Ever wanted to be a fly on the wall of one of the city’s most prominent cultural institutions? Opera North’s latest production will let you do just that, with explosive consequences…
When you see an opera come to life on stage, it’s often hard to believe that just weeks before, the singers hadn’t even started rehearsing. But you might find it a little easier to imagine this season because Opera North’s new production of Pagliacci will take you into the rehearsal room for a tense drama that blurs the lines between performance and reality.
Leoncavallo’s Pagliacci tells the story of a travelling theatre troupe, a family of performers whose lives are so intricately entwined that when one betrays another, it has the potential to destroy them all. And believe it or not, it’s actually based on a true story. Leoncavallo’s father was a lawyer and he worked on a case where an actor killed another man on stage in a fit of jealousy.
It became the inspiration behind Pagliacci, an opera that sees a troupe of theatre players arrive in a small village to put on a play. The head of the group begins to suspect that his wife, the leading lady, is having an affair with one of the villagers – what follows is 75 minutes of passion, jealousy, rage and violence with a shocking conclusion.
It sounds as simple as a soap opera, but Pagliacci comes with a twist. Director Charles Edwards has changed the setting, turning the theatre troupe into an opera company. In this version, the players are opera singers, the villagers are production staff and the show is the final rehearsal room run-through before opening night – which means you’ll get a unique glimpse into the creative process.
It’s not their actual rehearsal room, that would be a little tight given the size of the audience, but it is a fairly close replica – a simple, no frills space with props, production staff and a makeshift stage. They’ve kept it as close to the real thing as possible because while Edwards may have updated the setting, he still wants to stay true to Leoncavallo’s original vision for Pagliacci.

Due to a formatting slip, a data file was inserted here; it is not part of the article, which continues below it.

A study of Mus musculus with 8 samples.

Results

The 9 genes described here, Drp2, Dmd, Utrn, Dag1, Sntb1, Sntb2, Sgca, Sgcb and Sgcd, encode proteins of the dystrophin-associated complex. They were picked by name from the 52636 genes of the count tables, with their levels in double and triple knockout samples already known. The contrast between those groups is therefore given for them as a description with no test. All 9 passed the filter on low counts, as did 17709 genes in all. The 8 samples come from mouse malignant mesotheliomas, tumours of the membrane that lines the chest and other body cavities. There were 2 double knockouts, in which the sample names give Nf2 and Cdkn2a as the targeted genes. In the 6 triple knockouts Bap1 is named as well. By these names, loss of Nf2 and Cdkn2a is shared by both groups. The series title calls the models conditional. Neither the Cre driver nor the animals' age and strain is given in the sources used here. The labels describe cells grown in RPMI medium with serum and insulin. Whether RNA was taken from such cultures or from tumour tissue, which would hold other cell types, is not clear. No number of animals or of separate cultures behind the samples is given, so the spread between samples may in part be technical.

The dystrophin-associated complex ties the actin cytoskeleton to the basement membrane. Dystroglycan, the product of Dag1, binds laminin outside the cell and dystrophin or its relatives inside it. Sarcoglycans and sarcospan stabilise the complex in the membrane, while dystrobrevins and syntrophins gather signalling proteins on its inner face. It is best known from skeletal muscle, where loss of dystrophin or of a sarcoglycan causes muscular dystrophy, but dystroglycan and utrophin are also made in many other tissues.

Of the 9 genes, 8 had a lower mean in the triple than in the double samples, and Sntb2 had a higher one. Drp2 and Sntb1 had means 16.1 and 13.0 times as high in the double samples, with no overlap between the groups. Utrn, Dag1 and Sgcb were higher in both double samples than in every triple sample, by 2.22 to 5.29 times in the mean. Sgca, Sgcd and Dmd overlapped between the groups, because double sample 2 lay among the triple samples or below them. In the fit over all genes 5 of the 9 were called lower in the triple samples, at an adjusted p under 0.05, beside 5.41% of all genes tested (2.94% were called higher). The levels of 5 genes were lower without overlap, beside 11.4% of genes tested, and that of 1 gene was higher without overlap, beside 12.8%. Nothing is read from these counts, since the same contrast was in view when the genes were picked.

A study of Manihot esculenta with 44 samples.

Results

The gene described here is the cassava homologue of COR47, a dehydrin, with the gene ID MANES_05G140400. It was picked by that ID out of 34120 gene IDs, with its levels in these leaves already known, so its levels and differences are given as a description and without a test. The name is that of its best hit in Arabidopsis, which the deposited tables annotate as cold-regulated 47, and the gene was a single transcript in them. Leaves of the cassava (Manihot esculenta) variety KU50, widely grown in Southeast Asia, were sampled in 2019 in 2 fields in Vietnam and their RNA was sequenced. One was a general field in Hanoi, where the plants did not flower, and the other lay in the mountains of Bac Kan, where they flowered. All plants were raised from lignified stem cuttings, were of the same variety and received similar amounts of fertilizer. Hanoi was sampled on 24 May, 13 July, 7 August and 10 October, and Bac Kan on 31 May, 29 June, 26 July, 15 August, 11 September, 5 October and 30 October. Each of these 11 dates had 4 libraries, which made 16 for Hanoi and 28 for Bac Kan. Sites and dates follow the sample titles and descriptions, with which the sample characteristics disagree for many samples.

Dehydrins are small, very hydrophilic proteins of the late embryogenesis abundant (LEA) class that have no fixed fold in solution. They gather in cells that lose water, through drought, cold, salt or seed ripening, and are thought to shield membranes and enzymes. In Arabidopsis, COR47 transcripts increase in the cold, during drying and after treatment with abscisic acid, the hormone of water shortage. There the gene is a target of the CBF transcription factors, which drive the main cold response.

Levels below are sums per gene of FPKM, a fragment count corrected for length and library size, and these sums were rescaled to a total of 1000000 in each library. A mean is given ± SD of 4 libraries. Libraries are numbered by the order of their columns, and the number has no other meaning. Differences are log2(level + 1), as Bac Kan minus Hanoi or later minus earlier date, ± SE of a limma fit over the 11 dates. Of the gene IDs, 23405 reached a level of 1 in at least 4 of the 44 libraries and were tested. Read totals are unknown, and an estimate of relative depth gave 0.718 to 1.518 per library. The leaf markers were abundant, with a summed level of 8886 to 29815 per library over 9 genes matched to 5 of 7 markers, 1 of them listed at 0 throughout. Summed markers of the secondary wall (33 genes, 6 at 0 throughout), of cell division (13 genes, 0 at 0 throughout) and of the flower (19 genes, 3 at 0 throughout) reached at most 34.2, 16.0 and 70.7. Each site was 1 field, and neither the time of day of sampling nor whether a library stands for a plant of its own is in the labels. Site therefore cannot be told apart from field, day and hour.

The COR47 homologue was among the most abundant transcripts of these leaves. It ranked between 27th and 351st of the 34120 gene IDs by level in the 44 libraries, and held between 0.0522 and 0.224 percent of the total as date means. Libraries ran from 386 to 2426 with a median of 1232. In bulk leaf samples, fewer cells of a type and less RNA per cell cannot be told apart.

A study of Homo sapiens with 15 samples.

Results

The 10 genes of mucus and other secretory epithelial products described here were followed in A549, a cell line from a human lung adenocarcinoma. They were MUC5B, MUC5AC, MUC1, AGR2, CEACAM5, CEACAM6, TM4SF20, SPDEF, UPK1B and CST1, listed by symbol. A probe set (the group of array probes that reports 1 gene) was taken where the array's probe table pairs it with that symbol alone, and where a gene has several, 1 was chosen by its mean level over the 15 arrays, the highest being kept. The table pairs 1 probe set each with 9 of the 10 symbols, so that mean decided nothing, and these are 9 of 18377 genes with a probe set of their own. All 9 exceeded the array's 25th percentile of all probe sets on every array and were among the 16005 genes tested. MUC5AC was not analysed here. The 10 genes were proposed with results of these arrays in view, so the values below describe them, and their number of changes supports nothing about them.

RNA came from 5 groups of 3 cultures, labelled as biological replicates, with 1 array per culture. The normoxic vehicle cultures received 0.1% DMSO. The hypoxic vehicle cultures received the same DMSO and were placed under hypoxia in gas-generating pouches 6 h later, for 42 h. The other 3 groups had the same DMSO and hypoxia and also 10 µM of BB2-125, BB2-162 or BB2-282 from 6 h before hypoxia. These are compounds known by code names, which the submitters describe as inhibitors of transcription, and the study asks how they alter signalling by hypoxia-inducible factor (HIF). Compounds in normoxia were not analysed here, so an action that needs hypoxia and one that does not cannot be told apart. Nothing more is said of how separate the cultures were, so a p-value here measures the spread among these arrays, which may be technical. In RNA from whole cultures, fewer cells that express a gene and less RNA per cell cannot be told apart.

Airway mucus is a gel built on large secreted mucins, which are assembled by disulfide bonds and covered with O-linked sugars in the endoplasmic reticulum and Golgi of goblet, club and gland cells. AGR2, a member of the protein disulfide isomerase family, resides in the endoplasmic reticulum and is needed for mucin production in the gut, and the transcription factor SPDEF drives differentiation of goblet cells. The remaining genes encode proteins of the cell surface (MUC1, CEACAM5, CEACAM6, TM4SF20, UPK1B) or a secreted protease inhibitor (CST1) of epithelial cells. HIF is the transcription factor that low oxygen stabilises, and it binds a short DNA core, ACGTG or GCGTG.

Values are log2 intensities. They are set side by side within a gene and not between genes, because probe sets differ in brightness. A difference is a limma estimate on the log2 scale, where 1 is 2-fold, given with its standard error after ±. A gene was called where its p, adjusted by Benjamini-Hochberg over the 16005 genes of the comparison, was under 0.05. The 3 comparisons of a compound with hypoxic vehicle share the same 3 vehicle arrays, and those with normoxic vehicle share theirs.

“We want to be as un-theatrical as we can be,” Edwards explained. “We’re trying to give the sense of a ‘fly-on-the-wall’ documentary about putting on a one-act opera at Opera North, so there will be no artifice in terms of costume, setting, or lighting. Leoncavallo wanted to present a ‘slice of real life’ and that’s what it will look like. In a way, we see ourselves on stage – real people, like the audience, like you and like me.”
For once, when you look up at the stage, you won’t see an elaborately constructed world, you’ll see Opera North. Except, it’s not Opera North – it’s Opera North performing an opera about an opera company rehearsing an opera. Everyone you see has two characters, the one they play in Pagliacci and the one they play within the show they’re rehearsing, but you can’t always tell which is which.
And so as the tension rises and the rehearsal begins to descend into violence and chaos, you may find yourself wondering – is this real? Is this really happening or is it part of the act? The beauty of Pagliacci is that you never really know.
“I think the great thing about this piece is that you shouldn’t know what is going to happen at the end, even at the end,” Edwards confessed. “That in a way is what the whole thing is about. It’s about seeing something on stage and not knowing if it’s reality or if it’s been directed – has it been carefully put together, has there been meticulous attention to detail in the staging and the movement or is it completely out of control? I want the audience to feel like they have seen something they didn’t expect to see, but I can’t tell you any more than that or I will ruin it.”
If you want to find out what happens at the end, you’ll have to go and see it for yourself, and you can bet your bottom dollar that you’ll hear some incredible songs along the way. From Tonio’s desperate (and surprisingly direct) plea to the audience to Nedda’s soaring song to the birds and Canio’s grim determination that the show must go on in the famous ‘Vesti la giubba’ – the music is as big and melodramatic as the action on stage.
If it’s your first time, you can get the best seats available for a tenner
Ticket prices vary, but we’re going to let you in on a little secret – if this is your first time, you could save up to £18 on your tickets. Just take advantage of Opera North’s ‘Try for £10’ offer. Call 0844 848 2720* to book your tickets and you’ll be allocated the best available seats on the day.
See Pagliacci at Leeds Grand Theatre from Saturday 16th September to Saturday 21st October 2017.Terms & Conditions apply. *Calls cost 7p per minute plus your telephone company's access charge.